David Downton Credit: Courtesy David Downton/Laurence King Publishing
For the last 20 years, David Downton
has won the hearts of some of the world's most glamorous women.
The London-based artist is one of the fashion world's most renowned contemporary portraitists, capturing the likes of Elizabeth Taylor, Diane von Furstenberg and Catherine Deneuve for premier magazines (Vogue
, Vanity Fair
, Harper's Bazaar
...the list goes on), and London's historic Claridge's hotel
, where he's been the artist in residence since 2011.
This fall, he has dug into his star-studded archive for his first monograph. David Downton: Portraits of the World's Most Stylish Women
(Laurence King) brings together 46 of the world's modern style icons, from director Sofia Coppola and burlesque performer Dita Von Teese to octogenarian model Carmen Dell'Orefice.
"What unites them is tenacity, humor, strength of character, individuality and -- of course -- style," says Downton.
Style, yes. But what exactly he means by that ... well, he's not quite sure either.
"I'm not sure I could describe what makes a woman stylish; you have it or you don't," he says. "The concept is easier to draw than to put into words."
Creating the book required sifting through and deliberating between hundreds of sketches, paintings and drawings, before narrowing the final selection to almost 200 without getting repetitive.
"My rule of thumb was every drawing had to earn its place and say something to me -- if to no one else -- about the moment in which it was done."
Pretty does not work in a drawing. That is for photography. Strong features, long lines, and a sense of self all inform the drawing and make it fly.
A portrait of Sarah Jessica Parker, say, might bring to mind a barefoot sitting in a Claridge's suite. A black-and-white illustration of "lynx-eyed" Charlotte Rampling? An easy-going, stylist-free session at Paris' Hôtel Costes. Donatella Versace ("D-I-V-A," he writes) means laughter and a lit Marlboro Red.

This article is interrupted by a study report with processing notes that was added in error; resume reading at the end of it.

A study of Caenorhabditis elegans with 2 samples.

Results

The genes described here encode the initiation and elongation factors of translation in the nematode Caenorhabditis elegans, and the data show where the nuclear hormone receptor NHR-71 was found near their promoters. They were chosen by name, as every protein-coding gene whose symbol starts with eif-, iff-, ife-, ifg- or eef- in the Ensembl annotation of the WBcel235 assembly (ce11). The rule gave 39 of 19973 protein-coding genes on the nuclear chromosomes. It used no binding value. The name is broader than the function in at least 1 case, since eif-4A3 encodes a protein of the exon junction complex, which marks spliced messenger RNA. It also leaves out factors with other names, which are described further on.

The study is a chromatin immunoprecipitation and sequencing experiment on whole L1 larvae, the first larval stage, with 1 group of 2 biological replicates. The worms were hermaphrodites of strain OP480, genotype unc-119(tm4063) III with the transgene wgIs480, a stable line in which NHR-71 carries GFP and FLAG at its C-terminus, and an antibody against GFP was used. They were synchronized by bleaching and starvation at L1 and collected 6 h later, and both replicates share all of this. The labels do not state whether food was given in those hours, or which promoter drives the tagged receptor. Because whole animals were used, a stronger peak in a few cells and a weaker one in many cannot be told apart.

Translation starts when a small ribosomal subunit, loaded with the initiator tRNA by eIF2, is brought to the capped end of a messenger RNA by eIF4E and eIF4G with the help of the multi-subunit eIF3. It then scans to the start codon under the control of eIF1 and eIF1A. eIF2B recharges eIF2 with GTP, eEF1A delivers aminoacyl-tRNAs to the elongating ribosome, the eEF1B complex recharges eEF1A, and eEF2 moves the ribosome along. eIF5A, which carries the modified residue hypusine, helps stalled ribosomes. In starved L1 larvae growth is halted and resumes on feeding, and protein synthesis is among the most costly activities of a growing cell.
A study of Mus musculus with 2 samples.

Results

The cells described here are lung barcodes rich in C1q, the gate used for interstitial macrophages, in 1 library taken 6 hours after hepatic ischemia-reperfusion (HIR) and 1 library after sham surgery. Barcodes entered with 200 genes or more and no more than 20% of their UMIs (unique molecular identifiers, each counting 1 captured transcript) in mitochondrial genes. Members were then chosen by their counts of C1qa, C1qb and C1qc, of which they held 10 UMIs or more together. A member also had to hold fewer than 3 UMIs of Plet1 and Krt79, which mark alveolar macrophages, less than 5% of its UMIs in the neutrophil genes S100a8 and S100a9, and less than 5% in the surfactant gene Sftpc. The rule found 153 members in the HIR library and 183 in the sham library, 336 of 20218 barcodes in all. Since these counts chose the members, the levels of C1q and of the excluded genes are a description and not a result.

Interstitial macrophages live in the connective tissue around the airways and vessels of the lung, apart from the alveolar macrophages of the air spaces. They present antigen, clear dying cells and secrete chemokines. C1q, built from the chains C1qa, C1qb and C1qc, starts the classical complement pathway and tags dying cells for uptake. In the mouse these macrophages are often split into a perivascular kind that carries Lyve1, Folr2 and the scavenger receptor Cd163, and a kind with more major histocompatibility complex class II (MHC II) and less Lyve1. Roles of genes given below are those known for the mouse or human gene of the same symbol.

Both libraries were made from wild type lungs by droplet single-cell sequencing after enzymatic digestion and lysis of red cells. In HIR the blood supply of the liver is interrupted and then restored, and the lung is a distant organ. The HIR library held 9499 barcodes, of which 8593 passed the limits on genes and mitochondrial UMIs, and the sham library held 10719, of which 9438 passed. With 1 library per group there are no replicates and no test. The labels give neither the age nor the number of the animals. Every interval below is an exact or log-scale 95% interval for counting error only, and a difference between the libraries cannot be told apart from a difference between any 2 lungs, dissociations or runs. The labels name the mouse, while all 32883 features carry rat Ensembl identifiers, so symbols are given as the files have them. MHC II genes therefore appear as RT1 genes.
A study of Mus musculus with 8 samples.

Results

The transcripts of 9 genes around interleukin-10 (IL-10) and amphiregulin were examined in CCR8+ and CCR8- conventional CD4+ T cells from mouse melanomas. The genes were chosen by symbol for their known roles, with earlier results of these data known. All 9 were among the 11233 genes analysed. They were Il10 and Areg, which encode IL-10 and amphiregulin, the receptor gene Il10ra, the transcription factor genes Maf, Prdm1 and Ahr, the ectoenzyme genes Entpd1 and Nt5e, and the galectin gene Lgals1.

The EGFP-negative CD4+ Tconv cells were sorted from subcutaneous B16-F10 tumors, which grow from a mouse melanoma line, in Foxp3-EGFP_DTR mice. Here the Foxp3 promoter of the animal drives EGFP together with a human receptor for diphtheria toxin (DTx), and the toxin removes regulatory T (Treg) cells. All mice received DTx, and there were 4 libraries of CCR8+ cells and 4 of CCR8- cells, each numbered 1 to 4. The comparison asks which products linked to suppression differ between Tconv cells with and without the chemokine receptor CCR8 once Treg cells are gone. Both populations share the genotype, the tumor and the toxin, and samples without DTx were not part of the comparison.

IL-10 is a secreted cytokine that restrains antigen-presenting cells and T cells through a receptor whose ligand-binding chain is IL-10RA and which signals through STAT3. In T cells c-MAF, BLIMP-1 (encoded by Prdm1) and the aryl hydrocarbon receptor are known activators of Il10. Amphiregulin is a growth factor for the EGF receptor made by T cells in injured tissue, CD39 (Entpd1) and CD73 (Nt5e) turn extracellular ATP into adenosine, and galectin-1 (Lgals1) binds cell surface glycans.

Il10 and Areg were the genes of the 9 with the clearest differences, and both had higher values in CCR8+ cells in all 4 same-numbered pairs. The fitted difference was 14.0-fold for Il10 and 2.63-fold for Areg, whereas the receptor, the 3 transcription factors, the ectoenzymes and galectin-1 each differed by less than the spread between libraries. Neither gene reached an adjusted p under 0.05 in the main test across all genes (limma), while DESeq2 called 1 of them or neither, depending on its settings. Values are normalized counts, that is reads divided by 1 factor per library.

And then there's the artistic quality of the images themselves. Most of his watercolors are intentionally lacking in detail, counting on surrounding white space to fill in the blanks, and singular points of interest -- an intense gaze, a scarlet mouth, a sharp jaw -- draw the viewer in. This might explain why many of his subjects have strong, distinctive faces.
"Pretty does not work in a drawing. That is for photography. Strong features, long lines, and a sense of self all inform the drawing and make it fly," Downton says.
But the portraits he cherishes most are those of his repeat subjects, women like Dell'Orefice and Von Teese, who have become close friends over the years.
"The difference that makes, as with any working relationship, is that they know the rhythm, the shorthand. You want the same thing, ultimately, from the drawing," he explains. "It makes for a great creative harmony."